27 January 1910, A liberal supporter of all sports, James A Hill (pictured) of Hill and Paddon, dies at his home “Violet Bank” on Park Road.
DID YOU KNOW
James (Jimmy) Alfred Hill was born in Bristol, England in 1849 to James Hill and Mrs Hill (nee Curran), and at the date of his demise on 27 January 1910, was 60 years and three months old.
He left England for South Africa in 1867, being a partner in the firm Savage and Hill in Port Elizabeth until moving to the Diamond Fields where he was a digger. Not being very successful as a digger he opened a commercial business in late 1870, Hill and Paddon, the firm for which he became known, on the river diggings at Klipdrift (later Barkly West). In 1871 the firm relocated to the New Rush (Kimberley), firstly on Stockdale Street, then Natal Street and by 1902 was on Jones Street.
In 1890 the firm was floated into a (limited) company, with James Hill, George Tapscott and Selwyn Scott Brown as Directors, becoming the largest direct importers of goods into Kimberley, selling groceries, soft goods, ironmongery, produce, wine and spirits. It was that same year of 1890 that Hill and Paddon supplied all goods for the Pioneer Column that left the Market Square in Kimberley to settle what became known as Rhodesia (now Zimbabwe).
It was the large supply of groceries held by the firm that allowed Kimberley to feed the military and the civilians during the siege of 1899-1900.
The partnership between Hill and Alf Paddon was dissolved in England in 1896.
In 1884 he was elected, together with Cecil Rhodes, as a representative of Barkly West, Herbert and Hay for the Cape Colonial Legislative, but resigned in 1886 as he went to England on business for some five years before returning. In 1898 he was again elected together with Mr Rhodes as the two representatives for Barkly West region in the Cape Assembly.
James Hill was genial, attentive and courteous not only in his business dealings but also in his social life. Generous to a fault, he gave numerous donations throughout his life, the majority of which are unrecorded.
He married Amy Henrietta MacKenzie on 11 March 1885 at South Norwood, London, the marriage producing two sons, the eldest of whom died in 1909. The surviving son was Thomas (Tom) Alexander Fredrick Hill.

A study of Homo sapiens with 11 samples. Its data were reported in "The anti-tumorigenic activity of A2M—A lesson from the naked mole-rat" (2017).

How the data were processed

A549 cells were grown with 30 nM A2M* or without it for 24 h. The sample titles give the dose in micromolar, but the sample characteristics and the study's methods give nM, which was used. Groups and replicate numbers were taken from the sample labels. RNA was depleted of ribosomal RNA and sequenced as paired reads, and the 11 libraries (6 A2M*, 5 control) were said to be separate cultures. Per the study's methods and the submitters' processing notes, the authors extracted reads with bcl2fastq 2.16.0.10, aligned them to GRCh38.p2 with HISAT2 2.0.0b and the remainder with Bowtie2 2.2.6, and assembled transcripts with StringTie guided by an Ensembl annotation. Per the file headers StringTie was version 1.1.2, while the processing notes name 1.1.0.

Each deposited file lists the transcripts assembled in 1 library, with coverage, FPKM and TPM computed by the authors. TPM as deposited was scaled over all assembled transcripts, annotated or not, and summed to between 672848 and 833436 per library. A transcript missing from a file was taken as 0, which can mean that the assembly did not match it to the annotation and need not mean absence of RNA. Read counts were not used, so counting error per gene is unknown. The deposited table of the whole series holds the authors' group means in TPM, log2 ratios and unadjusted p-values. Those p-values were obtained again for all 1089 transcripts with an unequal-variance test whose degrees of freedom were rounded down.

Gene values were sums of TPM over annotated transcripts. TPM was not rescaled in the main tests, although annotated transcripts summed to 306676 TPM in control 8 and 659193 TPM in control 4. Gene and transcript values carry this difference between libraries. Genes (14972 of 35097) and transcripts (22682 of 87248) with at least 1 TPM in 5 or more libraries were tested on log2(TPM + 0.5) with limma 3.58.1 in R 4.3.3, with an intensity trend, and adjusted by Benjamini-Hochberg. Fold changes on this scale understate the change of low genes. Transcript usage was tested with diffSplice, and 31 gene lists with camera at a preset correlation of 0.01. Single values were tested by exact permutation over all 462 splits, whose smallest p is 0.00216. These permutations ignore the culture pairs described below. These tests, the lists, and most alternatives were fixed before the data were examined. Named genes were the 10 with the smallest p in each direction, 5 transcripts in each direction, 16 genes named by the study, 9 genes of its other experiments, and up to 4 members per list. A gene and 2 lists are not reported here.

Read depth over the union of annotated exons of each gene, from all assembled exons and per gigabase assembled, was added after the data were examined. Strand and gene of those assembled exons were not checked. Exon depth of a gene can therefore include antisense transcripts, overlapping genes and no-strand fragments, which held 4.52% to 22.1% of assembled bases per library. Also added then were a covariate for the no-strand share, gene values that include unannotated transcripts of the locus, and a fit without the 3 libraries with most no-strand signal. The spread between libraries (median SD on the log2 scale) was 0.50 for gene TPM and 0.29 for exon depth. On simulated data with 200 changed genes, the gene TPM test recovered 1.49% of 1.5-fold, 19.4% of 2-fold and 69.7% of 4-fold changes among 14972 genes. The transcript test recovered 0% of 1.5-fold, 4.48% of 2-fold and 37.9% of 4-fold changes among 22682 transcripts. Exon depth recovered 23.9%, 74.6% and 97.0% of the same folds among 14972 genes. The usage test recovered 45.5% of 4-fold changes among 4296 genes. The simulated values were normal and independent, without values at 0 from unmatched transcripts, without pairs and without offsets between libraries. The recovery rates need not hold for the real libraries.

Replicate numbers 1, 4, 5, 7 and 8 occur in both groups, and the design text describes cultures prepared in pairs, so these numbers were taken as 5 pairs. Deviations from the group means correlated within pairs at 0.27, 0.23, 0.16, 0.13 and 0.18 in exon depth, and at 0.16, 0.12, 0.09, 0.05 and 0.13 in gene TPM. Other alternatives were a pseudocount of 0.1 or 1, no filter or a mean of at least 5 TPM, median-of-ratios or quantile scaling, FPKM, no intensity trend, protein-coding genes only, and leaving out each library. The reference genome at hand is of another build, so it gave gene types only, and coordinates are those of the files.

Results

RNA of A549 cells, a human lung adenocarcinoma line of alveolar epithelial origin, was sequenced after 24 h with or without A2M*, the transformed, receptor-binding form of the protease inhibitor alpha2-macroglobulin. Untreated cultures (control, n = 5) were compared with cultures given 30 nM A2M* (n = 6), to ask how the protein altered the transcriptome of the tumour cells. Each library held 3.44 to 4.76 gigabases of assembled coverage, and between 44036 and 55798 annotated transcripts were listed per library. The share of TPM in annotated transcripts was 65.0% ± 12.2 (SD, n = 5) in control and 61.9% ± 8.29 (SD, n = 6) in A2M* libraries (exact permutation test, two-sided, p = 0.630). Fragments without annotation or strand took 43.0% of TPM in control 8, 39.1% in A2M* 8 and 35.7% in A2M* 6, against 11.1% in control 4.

He played a very important part in opening up commerce in Griqualand West and materially assisted in developing the farming resources of the region, the firm owning a considerable number of good farms in the Barkly West region.
He also enjoyed his sport, especially football and was for three years in succession the President of the Griqualand West Football Association, to which he gave several valuable trophies. He enjoyed shooting and was considered an excellent shot.
On the last day of his life he had been at work all day, quite cheerful, but became ill at his home Violet Bank on Park Road at 21h00 and died at 23h00 of an apoplectic seizure.
He was buried in the West End cemetery.
(The family were staunch Anglicans, the organ at St Cyprians Cathedral being donated by Tom Hill, James’ son, in 1936, in memory of his mother Amy who had died on 23 June 1935.)27 January 1910, A liberal supporter of all sports, James A Hill of Hill and Paddon, dies at his home “Violet Bank” on Park Road.
DID YOU KNOW
Violet Bank was built at the turn of the 19th century and occupied until his death in 1910 by James Hill, who in 1884 had been elected a Member of the Cape Legislative Assembly, representing Barkly West. Jimmy Hill, as he was known, came to the Diamond Fields in 1870. Finding no success as a digger, he entered into partnership with a Mr Alf Paddon to open a general merchant’s store, first at Barkly West, then at Kimberley. The partnership between Hill and Paddon was dissolved in 1896.
James Alfred Hill was born in Bristol, England in 1849 to James Hill and Mrs Hill (nee Curran), and at the date of his demise he was 60 years and three months old. He married Amy Henrietta MacKenzie on 11 March 1885 at South Norwood, London, the marriage producing one son, Thomas Alexander Fredrick Hill.